I suspect that may be the first time the words in the title have been used together.
In today's Post an article from Israel. Briefly, a Norwegian woman converted to Judaism 15 years ago to marry an Israeli Jew. Now she's looking for a divorce, but the Ultra-Orthodox control the religious establishment in Israel and they say her conversion process wasn't exhaustive enough, so she's not a Jew, and therefore was never married, and therefore her two kids aren't Jews. The article paints the issue as between those who believe in God's covenant with the Jewish people, who must observe his commandments strictly, and those who believe that Israel must, to survive, welcome converts.
That's the same issue faced by other organizations, from car companies to countries. What is your identity, and how do you maintain it, yet survive in the world? If you're an Asian car maker, do you focus on smaller, economical cars or try to move up-market into the luxury cars and SUV's and trucks. Toyota looked to be a winner doing the latter, an example followed by Hyundai, but with today's gas prices Honda, which retained more of a small car identity and focus, is doing better. If you're a country, do you limit immigrants and require those who come in to learn English, etc. in order to maintain the country's culture as it is now, or do you gamble on opening doors and going with the flow?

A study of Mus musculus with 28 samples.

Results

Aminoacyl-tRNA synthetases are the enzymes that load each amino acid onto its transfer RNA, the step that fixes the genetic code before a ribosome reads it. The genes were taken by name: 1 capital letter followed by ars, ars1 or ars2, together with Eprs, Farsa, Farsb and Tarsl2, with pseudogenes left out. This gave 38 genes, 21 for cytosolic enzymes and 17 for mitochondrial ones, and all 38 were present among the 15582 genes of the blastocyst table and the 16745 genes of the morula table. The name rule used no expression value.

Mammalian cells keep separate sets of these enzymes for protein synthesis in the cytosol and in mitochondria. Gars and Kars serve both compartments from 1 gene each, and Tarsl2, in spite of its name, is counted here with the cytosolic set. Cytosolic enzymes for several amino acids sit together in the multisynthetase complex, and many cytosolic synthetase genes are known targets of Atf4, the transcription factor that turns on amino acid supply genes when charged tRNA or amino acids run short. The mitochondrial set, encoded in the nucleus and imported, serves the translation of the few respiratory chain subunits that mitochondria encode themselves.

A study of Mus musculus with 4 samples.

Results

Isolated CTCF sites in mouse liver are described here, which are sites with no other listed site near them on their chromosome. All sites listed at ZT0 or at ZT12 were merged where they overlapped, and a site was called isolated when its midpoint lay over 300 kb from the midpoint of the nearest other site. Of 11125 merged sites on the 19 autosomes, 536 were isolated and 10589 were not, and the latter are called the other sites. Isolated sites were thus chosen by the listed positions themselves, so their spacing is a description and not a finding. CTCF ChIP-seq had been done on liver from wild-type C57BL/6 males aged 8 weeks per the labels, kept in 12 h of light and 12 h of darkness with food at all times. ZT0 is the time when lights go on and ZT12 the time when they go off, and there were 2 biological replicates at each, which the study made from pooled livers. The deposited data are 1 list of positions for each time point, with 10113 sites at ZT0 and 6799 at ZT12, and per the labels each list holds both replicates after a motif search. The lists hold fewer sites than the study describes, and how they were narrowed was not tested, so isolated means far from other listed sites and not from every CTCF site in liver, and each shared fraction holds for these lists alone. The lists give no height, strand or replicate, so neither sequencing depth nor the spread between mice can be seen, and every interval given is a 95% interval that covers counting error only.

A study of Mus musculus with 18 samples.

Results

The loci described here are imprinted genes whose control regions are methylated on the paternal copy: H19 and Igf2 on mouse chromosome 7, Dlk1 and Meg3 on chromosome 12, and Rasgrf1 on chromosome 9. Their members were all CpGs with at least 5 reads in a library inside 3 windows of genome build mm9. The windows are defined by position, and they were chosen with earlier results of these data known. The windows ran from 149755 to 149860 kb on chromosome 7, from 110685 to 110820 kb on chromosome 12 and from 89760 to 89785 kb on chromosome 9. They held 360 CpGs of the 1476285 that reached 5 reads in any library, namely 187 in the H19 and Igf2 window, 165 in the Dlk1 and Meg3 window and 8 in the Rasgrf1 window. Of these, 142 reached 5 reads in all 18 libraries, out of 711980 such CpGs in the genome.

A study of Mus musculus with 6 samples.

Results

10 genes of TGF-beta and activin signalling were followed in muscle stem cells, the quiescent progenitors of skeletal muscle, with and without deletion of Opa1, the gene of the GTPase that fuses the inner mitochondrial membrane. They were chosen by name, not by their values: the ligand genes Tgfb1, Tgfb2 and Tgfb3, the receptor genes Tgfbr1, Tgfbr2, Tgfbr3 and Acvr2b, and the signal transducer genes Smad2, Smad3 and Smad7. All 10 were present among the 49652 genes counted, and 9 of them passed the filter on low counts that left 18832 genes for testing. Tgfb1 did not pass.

That's the issue for political parties, now. How does the Republican Party, and particularly their nominee, maintain an identity and yet attract voters? In that light, Ms. Palin seems a good choice. It's a maverick, anti-establishment, anti-Washington choice for McCain, but one which mends his fences with the social conservatives of the right wing, while simultaneously perhaps attracting women. It breaks with GWB's "compassionate conservatism" by picking someone who supported/was friendly to Pat Buchanan in the 2000 convention. [Updated--additional thoughts] Assuming that McCain has the pocketbook Republicans in his hip pocket, Palin reinforces the party's appeal to working class America.